Everyone knows a horror story about a mammoth hospital bill that came as a total shock.
But what people may not know is that they have legal rights that could affect how much they are obligated to pay.
There are processes in place to help avoid getting those nightmarish bills and ways to negotiate or fight them, experts say. And lawyers qualified in this specialized area can offer advice.
Doing your homework in advance might be the number one way to avoid unexpected surprises. The internet has several sites that do the shopping for you to determine what it will cost where for specific procedures, said Gerri Detweiler, director of consumer education for Credit.com and co-author of the book Debt Collection Answers: How to Use Debt Collection Laws to Protect Your Rights.
Detweiler suggests doing plenty of research up front and even downloading the clearhealthcosts.org app to your smart phone for times when you are traveling. She even suggests reviewing the cost of various emergency procedures and printing them out to have in the glove box, should the need arise.
But if you still get a big bill, you definitely don’t want to ignore it, she said.
“You want to find out what your options are,” she said. “Is there a billing mistake? Is it accurate? You can hire someone to audit the bill or if you have questions, your insurance company may be able to help because they don’t want to overpay, either. You definitely want to find out why certain procedures were not covered by insurance. If you don’t have insurance, you want to see if you are eligible for a discount.”
Another thing to consider is whether you will ever be able to pay the bill off, she said. Even with a payment plan, if you are paying only a small amount each month, it could take decades to make it go away.
“And if you miss a payment, very often, it gets turned over to collections,” Detweiler said. “But collections aren’t always a horrible thing when it comes to medical bills.”
Collections will affect your credit, but if you can’t pay off a medical bill within three to five years, a collection agency may give you a severely reduced amount to settle, just to get the debt off the books, she said.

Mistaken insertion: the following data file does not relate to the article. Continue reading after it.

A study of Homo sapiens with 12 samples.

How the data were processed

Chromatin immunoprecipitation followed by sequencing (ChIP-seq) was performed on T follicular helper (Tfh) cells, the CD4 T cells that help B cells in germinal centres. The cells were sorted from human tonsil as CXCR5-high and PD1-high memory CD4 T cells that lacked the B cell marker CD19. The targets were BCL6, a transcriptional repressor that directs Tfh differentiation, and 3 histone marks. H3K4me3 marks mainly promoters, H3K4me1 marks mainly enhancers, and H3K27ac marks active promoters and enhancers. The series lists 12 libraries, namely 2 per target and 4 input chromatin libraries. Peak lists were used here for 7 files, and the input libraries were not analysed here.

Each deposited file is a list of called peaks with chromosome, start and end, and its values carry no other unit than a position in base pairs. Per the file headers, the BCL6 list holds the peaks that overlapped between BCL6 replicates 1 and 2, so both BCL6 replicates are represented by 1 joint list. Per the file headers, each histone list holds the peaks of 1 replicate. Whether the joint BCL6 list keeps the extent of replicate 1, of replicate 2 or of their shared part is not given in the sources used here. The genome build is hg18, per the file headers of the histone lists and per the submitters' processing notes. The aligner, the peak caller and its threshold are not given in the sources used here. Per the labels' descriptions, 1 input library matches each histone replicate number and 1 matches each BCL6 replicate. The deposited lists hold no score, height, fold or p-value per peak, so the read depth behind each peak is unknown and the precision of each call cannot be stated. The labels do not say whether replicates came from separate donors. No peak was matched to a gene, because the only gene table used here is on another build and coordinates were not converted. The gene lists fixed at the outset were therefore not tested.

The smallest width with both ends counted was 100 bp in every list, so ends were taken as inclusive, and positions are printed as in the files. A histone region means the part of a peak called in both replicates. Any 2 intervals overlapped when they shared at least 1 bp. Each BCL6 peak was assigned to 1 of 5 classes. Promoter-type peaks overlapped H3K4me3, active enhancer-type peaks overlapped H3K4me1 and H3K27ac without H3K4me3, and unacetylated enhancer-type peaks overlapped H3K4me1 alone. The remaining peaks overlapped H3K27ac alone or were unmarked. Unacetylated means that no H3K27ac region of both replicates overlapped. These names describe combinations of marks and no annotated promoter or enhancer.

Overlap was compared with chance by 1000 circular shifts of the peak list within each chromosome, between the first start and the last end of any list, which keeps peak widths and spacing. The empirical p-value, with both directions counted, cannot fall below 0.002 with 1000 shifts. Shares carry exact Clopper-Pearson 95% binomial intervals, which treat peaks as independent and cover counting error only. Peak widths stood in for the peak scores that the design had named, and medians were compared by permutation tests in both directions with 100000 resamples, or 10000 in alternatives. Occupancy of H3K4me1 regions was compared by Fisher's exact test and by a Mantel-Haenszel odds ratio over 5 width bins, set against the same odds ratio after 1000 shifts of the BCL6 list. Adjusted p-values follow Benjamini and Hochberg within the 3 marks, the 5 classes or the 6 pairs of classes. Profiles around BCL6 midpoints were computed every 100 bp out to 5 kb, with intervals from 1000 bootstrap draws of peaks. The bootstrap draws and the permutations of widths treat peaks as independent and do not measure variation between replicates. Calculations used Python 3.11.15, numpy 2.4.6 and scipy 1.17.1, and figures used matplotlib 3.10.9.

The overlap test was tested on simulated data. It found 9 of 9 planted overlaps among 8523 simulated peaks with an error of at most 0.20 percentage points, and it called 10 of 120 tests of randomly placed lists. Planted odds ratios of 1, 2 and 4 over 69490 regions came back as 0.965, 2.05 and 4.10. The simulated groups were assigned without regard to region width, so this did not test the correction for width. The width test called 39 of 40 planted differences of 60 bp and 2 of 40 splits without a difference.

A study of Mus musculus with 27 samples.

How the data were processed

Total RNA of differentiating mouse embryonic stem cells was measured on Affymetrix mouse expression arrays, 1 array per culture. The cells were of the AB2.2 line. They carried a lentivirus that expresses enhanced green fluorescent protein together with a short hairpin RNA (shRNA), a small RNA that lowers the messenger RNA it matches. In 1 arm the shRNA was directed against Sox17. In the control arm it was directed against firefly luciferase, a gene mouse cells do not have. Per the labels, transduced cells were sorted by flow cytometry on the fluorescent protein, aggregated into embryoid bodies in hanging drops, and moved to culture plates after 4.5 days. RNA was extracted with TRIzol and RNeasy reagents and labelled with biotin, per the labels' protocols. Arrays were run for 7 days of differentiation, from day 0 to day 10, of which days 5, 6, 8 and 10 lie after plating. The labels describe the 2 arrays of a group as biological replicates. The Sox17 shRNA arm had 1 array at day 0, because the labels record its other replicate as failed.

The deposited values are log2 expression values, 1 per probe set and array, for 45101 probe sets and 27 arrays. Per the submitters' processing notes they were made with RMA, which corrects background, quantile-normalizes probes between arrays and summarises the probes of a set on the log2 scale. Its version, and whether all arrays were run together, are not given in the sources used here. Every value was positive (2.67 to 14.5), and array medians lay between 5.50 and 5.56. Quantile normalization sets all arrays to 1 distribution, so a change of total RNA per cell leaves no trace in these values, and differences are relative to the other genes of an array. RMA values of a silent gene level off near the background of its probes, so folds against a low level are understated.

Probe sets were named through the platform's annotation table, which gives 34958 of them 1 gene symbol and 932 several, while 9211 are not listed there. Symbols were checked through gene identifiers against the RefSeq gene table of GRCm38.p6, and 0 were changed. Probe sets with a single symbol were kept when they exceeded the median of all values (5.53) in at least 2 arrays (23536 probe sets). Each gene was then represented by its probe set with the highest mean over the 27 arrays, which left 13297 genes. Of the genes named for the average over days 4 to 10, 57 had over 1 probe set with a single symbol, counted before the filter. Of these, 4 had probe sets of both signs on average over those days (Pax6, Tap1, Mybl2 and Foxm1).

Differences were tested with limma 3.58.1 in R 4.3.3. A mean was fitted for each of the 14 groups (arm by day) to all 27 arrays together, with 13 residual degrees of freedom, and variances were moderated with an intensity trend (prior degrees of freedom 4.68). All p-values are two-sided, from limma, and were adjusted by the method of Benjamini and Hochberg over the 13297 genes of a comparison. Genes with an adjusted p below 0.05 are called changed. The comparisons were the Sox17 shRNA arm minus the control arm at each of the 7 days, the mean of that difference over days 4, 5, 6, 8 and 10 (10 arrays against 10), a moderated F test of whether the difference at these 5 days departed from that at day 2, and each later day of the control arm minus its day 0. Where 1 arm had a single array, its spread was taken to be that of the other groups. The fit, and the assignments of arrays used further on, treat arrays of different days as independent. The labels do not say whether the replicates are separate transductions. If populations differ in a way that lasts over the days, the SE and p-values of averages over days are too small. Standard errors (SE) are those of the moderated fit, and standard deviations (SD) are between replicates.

“It’s a very common problem,” Detweiler said, noting that a huge percentage of collections are for hospital and other medical bills.
If a provider chooses to sue, it can get nasty. A judgment against you could mean your wages can be garnished and your bank accounts emptied. Before that happens, consider bankruptcy and contact a consumer bankruptcy attorney.
Duke University Professor Barak Richman said there are other options, too, including fighting what you consider an astronomical bill.
“It really sets off an awful cascade of events,” once that surprise bill arrives, he said.
Richman believes that in many instances, the bills you receive – many for out of network care — are not even legal, because they are not supported by contract law.
“I recommend patients be very proactive and know if what they are getting billed for is unreasonable,’’ he said. “They can negotiate for something much more reasonable. They can also sue the provider as a defensive mechanism, so they don’t have to pay these crazy amounts. But it can also be used as an offense because of unfair business practices.”
The Kaiser Family Foundation has been preaching self-advocacy for years, Richman said.
“The cost of health care has long been a concern in the U.S., on both a national and a personal level,” according to The Burden of Medical Debt: Results from the Kaiser Family Foundation/New York Times Medical Bills Survey. “For individuals, this concern plays out most prominently among those who face difficulty paying medical bills or who are unable to pay such bills at all.”
A lack of insurance hinders access to care and leaves people vulnerable to bills they cannot pay.
Patients need to be savvy consumers, the report states. Find the best price and work out a payment plan once services have been received.
‘’The survey finds that some of those who faced medical bill problems found healthcare providers willing to cooperate with them in setting up payment plans or reducing the amount they owed, while others attempted to engage in cost-conscious healthcare shopping behaviors and met with little success.”
Not enough people know they need to be their own advocate, Richman said. “Very few do. They don’t know. Some do go to court” to fight the bills, but not many, he said.
“State attorneys general should be stopping this practice” of charging outrageous amounts for out of network procedures, Richman said. He said state attorneys general should be issuing cease and desist orders “because this is not the way we view our contract law and that it is an unfair business practice and contrary to consumer protection laws.”